North and South Korea, the US and China have agreed in principle to declare a formal end to the Korean War, South Korean President Moon Jae-in said.
He said talks on a formal agreement had not yet begun because of disagreement over North Korea's demands.
North Korea and the US are in a dispute over Pyongyang's nuclear-weapons programme, which Washington says the country has to abandon before any sanctions are lifted. North Korea insists that the US departs the area and lifts sanctions first.
Speaking in the Australian capital Canberra during a four-day visit, Mr Moon said North Korea continued to make these demands.
“Because of that, we are not able to sit down for a discussion or negotiation on the declaration. We hope the talks will be initiated,” he said.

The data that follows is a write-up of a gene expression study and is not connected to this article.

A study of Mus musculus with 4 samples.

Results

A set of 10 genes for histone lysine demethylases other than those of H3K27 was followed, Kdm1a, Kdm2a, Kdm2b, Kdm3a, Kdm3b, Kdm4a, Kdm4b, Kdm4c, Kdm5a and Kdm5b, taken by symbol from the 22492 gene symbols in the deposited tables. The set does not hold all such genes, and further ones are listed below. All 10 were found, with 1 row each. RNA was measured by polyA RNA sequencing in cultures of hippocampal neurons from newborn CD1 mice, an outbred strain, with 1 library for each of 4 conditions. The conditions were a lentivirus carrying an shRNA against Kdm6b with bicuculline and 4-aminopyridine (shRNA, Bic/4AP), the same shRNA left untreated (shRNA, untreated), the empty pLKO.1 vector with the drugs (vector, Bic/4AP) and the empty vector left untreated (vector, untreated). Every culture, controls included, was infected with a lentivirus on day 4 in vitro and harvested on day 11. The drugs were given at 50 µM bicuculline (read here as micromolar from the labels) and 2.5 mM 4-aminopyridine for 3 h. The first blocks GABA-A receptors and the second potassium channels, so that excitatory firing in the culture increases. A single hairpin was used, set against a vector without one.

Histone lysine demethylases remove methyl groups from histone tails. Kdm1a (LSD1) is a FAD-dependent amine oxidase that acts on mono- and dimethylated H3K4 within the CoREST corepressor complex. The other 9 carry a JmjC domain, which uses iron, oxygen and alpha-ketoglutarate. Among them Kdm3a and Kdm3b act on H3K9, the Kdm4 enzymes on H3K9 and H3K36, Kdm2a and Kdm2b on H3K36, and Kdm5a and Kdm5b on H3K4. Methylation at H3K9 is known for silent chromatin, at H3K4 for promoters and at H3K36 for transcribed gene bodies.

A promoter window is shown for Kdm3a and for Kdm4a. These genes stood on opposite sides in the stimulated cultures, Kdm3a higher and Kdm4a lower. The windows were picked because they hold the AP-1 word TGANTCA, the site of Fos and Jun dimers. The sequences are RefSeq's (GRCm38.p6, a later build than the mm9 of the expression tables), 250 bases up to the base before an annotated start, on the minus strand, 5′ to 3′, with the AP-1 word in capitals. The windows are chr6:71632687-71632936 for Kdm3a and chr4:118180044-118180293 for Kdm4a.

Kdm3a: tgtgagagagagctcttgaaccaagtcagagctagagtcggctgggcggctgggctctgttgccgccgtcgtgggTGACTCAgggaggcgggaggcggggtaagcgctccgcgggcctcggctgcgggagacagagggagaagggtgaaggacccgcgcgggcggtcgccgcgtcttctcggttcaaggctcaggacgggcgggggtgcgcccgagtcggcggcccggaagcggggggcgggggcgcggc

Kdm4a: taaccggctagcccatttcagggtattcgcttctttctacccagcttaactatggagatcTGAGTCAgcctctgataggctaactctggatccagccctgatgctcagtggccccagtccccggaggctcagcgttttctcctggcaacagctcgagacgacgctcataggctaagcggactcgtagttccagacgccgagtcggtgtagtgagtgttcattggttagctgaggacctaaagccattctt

Mr Moon has made engagement with North Korea a key aspect of his presidency and of his foreign-policy agenda. At the UN General Assembly in September, Mr Moon called for a formal end to hostilities.
His speech led Kim Yo-jong, the sister of the North Korean leader and an influential voice in the country, to say the initiative for peace was both an "interesting and good idea".
Mr Moon said he believed it was important to end the “unstable” armistice that has been in place for almost 70 years. He said a peace declaration could improve the prospects for a breakthrough on Pyongyang’s nuclear-weapons programme.
“This is going to be help us start negotiations for denuclearisation and peace … [on] the Korean peninsula,” he said. “This is very important on that front as well.”
The Korean War, which took place from 1950 to 1953, ended with an armistice and without a peace treaty, meaning that the North and South are technically still at war.